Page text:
Diwan Al Dawla (ديوان الدولة) is a guild that advances a way of living based upon a unitarian epistemology and narrative. Members of Diwan Al Dawla (flag/@Colo), known as aṣḥāb al dawla (أصحاب الدولة), live as a religious guild separated from secular worldviews to pursue a religious mode of worship and lifestyle under an oath of self-sacrifice and dedication to the purposes of Diwan Al Dawla. The members are locally known as the Muhammadan Christians.

The Colo Wilderness site, known as the Southern Chariot Religious Site (banner) or in Arabic Ribat Al Dawla (رباط الدولة) (banner), with its Colo River front is a religious site that is owned by the members of Diwan Al Dawla for the carrying out of religious activities of devotion, self-discipline, ritual baptism (وضوء), inter-community prayers, contemplation and religious study. The name of the guild is based on the Arabic Semitic word al dawla (الدولة), which promotes the binding of collaborative effort upon autonomous standards of religious self-governance independent of entities that represent secular socioeconomic structures and modes of living.

Diwan Al Dawla, which is also known as Diwan Al Birr, has been acknowledged as an unincorporated guild by the federal government in Australia. The guild's religious practice includes a religious mission that tackles the structural disadvantage of families and individuals who are members of its community.



2005-08

In September 2005, Dr Mustapha Kara-Ali, a theologian and community organiser, was invited to join the Australian Prime Minister's community reference group to advise the federal government on community religious issues. As part of engaging the federal government with the community, Dr Kara-Ali founded Diwan Al Birr, formerly known by the acronym BIRR, as a charitable initiative that focussed on the issue of disadvantaged youth living in Western Sydney.

Early in 2006, the BIRR team put forward a proposal to the Australian federal government for a partnership project between the Commonwealth and the community that tackled the structural disadvantage of youth in relation to the issue of radicalisation. In June 2006, the initiative was agreed to by the federal government and a Commonwealth-Community Partnership Project, Building Identity and Resisting Radicalisation (BIRR) Project, was established with Dr Mustapha Kara-Ali as the specified project manager.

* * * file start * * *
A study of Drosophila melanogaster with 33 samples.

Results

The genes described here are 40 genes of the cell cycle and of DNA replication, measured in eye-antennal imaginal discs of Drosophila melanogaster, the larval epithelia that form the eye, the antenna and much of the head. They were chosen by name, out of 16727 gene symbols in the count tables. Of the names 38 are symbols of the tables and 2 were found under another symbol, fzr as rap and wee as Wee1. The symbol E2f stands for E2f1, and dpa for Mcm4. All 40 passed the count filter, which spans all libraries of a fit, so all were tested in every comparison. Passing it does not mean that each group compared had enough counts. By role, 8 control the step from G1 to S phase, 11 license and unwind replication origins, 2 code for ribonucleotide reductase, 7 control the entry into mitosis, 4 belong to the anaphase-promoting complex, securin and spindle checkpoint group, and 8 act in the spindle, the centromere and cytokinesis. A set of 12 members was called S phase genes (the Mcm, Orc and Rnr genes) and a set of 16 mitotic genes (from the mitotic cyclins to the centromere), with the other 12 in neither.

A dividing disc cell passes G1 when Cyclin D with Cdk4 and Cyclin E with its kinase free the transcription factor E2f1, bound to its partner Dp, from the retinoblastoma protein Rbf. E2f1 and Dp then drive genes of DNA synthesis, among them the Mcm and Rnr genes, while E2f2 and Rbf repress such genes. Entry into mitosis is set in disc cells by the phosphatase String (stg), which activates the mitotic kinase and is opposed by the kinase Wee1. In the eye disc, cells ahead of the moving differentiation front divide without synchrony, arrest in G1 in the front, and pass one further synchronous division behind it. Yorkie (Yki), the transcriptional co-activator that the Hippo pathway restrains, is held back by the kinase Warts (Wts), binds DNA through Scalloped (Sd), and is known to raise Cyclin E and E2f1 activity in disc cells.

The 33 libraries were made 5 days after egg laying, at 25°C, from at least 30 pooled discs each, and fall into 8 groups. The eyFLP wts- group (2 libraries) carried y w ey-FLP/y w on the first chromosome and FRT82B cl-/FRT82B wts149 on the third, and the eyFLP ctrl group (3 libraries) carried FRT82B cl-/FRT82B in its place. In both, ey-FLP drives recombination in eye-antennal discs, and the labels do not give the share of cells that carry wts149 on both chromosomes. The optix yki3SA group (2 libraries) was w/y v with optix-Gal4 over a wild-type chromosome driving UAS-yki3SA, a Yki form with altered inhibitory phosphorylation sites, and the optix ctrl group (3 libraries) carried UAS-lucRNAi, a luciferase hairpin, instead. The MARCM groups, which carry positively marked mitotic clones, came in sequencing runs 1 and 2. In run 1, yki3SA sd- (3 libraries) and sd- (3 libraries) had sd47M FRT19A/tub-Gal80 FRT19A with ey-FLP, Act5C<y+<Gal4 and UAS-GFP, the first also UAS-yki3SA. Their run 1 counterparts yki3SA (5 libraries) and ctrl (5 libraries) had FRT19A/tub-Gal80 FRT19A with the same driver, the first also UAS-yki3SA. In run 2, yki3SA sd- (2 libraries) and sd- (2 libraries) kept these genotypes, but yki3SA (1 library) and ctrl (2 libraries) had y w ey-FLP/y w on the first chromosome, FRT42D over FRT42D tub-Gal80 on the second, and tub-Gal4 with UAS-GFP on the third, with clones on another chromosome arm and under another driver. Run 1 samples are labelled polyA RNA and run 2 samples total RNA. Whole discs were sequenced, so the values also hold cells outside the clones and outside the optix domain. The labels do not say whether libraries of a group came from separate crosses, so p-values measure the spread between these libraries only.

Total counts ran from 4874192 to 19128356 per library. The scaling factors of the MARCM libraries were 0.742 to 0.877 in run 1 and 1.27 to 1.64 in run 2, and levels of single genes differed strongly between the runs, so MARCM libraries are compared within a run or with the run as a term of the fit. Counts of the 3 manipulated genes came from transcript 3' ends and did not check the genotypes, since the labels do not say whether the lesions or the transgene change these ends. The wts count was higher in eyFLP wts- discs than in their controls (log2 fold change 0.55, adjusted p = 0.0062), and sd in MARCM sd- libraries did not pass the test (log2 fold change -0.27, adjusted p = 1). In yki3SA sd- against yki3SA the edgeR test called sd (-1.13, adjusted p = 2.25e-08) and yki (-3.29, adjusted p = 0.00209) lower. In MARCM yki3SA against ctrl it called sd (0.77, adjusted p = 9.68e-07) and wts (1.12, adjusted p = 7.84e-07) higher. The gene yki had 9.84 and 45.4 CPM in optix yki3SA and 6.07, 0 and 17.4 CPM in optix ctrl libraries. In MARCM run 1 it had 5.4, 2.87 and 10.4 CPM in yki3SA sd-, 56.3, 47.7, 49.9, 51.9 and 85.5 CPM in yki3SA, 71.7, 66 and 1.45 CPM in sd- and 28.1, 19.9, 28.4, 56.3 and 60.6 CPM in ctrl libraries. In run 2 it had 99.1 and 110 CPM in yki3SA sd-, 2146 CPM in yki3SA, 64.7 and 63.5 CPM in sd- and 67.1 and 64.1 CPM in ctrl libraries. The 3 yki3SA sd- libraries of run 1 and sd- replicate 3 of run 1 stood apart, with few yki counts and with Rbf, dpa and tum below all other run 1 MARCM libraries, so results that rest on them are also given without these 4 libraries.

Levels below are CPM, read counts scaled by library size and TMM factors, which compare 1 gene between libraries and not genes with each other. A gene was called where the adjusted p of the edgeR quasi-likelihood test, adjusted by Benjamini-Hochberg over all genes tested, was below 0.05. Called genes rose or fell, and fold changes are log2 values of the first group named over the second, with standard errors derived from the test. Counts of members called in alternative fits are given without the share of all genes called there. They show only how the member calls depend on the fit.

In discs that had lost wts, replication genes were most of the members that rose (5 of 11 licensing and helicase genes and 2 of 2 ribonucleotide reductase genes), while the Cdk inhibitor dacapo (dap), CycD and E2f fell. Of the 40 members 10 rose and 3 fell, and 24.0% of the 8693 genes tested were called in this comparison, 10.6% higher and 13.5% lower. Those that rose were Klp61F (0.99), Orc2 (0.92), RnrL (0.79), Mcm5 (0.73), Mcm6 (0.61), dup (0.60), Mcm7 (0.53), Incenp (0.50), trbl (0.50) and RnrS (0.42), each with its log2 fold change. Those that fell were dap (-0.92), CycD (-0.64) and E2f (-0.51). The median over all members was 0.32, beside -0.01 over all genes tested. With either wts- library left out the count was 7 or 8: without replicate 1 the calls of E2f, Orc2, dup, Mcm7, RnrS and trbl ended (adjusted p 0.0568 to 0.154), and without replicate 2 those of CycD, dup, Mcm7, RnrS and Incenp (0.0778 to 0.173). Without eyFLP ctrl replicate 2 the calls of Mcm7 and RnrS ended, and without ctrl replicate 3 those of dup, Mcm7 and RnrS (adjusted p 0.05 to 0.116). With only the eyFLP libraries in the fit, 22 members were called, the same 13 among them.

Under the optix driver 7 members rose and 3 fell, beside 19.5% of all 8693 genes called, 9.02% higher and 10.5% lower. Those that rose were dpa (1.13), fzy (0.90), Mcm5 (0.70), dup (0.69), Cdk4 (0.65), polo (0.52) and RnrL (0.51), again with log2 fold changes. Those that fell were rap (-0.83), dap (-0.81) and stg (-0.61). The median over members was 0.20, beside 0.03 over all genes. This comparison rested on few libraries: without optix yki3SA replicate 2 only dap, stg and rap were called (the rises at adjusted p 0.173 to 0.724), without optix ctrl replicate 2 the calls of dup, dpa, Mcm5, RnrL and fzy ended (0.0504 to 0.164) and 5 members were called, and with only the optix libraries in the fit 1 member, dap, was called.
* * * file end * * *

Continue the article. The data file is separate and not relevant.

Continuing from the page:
Between 2006 and 2008, the BIRR researchers and volunteers managed the partnership project and authored a youth mentoring guidebook that was made available in the community and also through the National Library of Australia. The guidebook was later updated from its 2010 version by new research.


2009-10

In 2009, the BIRR Mentoring Program began operating as a charitable initiative in Western Sydney. It established a practical development framework for confronting the religious based structural disadvantage that individuals face.


2011-18

In 2013, the BIRR team underwent a fundamental change of approach after a series of attempts to forge a sustainable model for tackling structural religious disadvantage failed due to a continued politicisation of the issue and a lack of political will for reform by state and federal governments.

Our new way incorporated a community scheme into a charitable model. It was framed within the 3 i’s inform-inspire-integrate, as it aimed to inform and inspire individuals through a charitable religious mission that incorporated them into an emerging spiritual community.

Since early 2016, Diwan Al Dawla has been joined by a number of spiritually motivated individuals who have taken a volunteer oath to use their resources and knowledge to build a sustainable spiritual community that overcomes religious based structural disadvantage by way of living a dedicated life of virtue and piety to God.